Grant Lee Phillips brings his take on Americana to Liverpool and Getintothis’ Jamie Bowman gets reacquainted with a great, underappreciated artist
‘He never writes a set list!’ laughs the sound man at tonight’s Grant Lee Phillips‘ gig when I enquire as to the name of one of his new songs. ‘He hasn’t done since about 1995.’
This freewheelin’ nature seems to sum up the career of Phillips, who has played the role of all-American troubadour perfectly since splitting his critically acclaimed trio Grant Lee Buffalo in 1999.
Now on his ninth solo album, Phillips is in good cheer as he’s greeted by a packed Music Room on the warmest night of the year. ‘What is this? The sunniest day since 1940 or something?’ he laughs, armed only with a huge acoustic guitar and a big grin as he launches into an opening set of songs from his latest release, Widdershins, which sees Phillips try to make sense of what’s happening politically in his native US.
It’s pretty obvious who is the target of early standout King Of Catastrophes (‘From what I hear of fascism I wouldn’t put it past him’) and it’s a credit to the power of Phillips‘ new songs that the audience show no signs of restlessness during the early stages of which turns out to be extraordinarily resonant night of alt. Americana.
Grant Lee Phillips, Philharmonic 👍🏻 pic.twitter.com/ItOUGB5nU3
— Lee (@LeePar83) April 19, 2018
Those fans are rewarded by a trio of tunes from his former band which act as a sweet reminder as to why they were so highly rated back in those days when the opinion of Michael Stipe could make or break an act and grunge ruled the airwaves. Pick of the bunch is a stunning version of Mighty Joe Moon from Grant Lee Buffalo‘s 1994 sophomore album of the same name.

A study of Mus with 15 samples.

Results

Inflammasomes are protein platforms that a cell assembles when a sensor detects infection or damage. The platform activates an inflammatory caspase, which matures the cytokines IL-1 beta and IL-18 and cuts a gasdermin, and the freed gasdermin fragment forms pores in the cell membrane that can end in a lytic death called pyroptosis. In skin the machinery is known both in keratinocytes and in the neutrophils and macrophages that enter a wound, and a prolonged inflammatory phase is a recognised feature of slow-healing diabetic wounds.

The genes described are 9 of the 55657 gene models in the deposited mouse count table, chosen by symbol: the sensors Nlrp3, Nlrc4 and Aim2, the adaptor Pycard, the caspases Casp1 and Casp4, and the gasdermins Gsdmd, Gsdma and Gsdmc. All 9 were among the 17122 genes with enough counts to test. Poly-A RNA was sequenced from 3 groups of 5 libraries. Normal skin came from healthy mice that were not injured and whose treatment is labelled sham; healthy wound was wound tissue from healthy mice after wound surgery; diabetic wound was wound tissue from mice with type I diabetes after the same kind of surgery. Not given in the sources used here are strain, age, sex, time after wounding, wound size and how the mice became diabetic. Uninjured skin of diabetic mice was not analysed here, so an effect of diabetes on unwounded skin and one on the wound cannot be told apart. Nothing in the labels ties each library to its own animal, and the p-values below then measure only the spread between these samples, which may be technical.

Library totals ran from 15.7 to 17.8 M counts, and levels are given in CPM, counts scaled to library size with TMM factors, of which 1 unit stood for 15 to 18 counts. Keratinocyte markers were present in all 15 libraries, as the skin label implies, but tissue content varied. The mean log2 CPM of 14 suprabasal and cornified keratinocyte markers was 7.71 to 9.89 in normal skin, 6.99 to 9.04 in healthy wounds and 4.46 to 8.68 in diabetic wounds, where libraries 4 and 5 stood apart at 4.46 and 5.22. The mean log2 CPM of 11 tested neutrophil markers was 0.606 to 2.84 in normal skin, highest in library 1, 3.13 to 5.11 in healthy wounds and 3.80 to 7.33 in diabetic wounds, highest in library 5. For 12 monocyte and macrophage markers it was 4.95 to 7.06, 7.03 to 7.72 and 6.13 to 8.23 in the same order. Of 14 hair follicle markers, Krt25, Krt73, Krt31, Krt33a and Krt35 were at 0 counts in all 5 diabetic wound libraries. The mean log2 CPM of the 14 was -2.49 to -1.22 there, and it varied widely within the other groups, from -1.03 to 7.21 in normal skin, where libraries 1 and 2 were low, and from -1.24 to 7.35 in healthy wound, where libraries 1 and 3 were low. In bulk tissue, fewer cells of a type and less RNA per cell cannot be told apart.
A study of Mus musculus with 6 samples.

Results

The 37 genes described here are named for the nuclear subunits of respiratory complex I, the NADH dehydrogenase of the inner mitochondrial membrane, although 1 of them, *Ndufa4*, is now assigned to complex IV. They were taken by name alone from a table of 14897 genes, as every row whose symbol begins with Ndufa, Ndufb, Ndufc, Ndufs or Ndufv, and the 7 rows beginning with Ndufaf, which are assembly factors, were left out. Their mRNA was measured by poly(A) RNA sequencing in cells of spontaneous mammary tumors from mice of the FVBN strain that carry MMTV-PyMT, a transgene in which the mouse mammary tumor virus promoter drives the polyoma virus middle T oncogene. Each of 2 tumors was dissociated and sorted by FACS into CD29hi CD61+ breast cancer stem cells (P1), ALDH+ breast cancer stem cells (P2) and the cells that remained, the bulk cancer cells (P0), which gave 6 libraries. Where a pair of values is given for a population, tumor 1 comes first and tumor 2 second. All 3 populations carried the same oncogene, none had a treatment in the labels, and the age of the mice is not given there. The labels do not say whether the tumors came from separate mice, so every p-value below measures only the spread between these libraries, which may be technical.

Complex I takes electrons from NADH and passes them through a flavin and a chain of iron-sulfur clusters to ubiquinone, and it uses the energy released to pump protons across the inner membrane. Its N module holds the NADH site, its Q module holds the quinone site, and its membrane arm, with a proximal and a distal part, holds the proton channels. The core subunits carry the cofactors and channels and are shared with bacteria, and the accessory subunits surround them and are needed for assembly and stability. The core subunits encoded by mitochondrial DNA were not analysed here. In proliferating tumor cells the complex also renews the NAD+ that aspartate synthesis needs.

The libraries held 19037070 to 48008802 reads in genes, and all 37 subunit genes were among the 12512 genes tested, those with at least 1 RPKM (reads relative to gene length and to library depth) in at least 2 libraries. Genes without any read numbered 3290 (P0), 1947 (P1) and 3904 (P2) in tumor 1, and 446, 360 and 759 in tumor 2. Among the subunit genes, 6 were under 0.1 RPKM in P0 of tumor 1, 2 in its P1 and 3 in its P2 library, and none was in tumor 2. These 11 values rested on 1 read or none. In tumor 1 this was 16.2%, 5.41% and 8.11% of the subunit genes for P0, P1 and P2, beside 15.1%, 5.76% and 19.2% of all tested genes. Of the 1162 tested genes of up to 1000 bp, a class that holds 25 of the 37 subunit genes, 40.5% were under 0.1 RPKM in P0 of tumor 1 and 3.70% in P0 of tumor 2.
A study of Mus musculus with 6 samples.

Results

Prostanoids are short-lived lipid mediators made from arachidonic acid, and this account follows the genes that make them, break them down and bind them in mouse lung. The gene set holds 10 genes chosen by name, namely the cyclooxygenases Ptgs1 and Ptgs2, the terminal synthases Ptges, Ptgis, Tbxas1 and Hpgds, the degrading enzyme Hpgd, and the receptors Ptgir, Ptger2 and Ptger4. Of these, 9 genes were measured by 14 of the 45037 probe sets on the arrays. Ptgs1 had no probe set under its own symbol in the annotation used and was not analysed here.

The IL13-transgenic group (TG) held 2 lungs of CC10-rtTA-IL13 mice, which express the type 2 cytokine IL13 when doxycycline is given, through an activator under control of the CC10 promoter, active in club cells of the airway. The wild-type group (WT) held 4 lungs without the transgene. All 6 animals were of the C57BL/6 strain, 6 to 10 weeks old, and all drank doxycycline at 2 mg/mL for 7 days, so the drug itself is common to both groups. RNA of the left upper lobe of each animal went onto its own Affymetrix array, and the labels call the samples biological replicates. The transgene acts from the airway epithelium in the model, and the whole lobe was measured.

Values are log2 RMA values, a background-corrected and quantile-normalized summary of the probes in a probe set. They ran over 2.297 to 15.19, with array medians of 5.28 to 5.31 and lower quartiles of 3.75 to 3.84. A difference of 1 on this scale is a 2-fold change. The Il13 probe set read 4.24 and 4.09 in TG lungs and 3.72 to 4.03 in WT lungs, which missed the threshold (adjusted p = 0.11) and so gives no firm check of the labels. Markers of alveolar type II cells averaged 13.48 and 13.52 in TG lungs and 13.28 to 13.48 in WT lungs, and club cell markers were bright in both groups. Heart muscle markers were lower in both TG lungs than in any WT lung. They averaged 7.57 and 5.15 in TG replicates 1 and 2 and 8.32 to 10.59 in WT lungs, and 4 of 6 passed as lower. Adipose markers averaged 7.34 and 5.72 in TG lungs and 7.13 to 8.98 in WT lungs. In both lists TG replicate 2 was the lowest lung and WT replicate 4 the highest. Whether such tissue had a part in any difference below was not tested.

Without the band’s trademark mix of distorted guitars, mandolins, banjos and blaring harmonicas, the song is allowed to breath and rely on the sheer power of Phillips‘ powerful voice. The results are stunning.
Recalling his first visit to Liverpool with his band 25 years ago, Phillips is happy to wallow in nostalgia for a while but other new material like Miss Betsy, The Wilderness and Great Acceleration all confirm this is an artist enjoying a career boosting purple patch.
All the while, it’s those vocals that keep reminding us of Phillips‘ special talent. At times a throaty roar, it can soar upwards to beautiful heights as it does on the inevitable and crowd-pleasing version of Grant Lee Buffalo‘s Fuzzy which acted as the band’s calling card all those years ago.
‘I’ve been lied to, now I’m fuzzy’, sings Phillips with the crowd straining their own voices to join him on the song’s exultant chorus.
Well here’s the truth: Grant Lee Phillips is back and there’s never been a more timely opportunity to get reacquainted with one of alt-rock’s most underappreciated voices.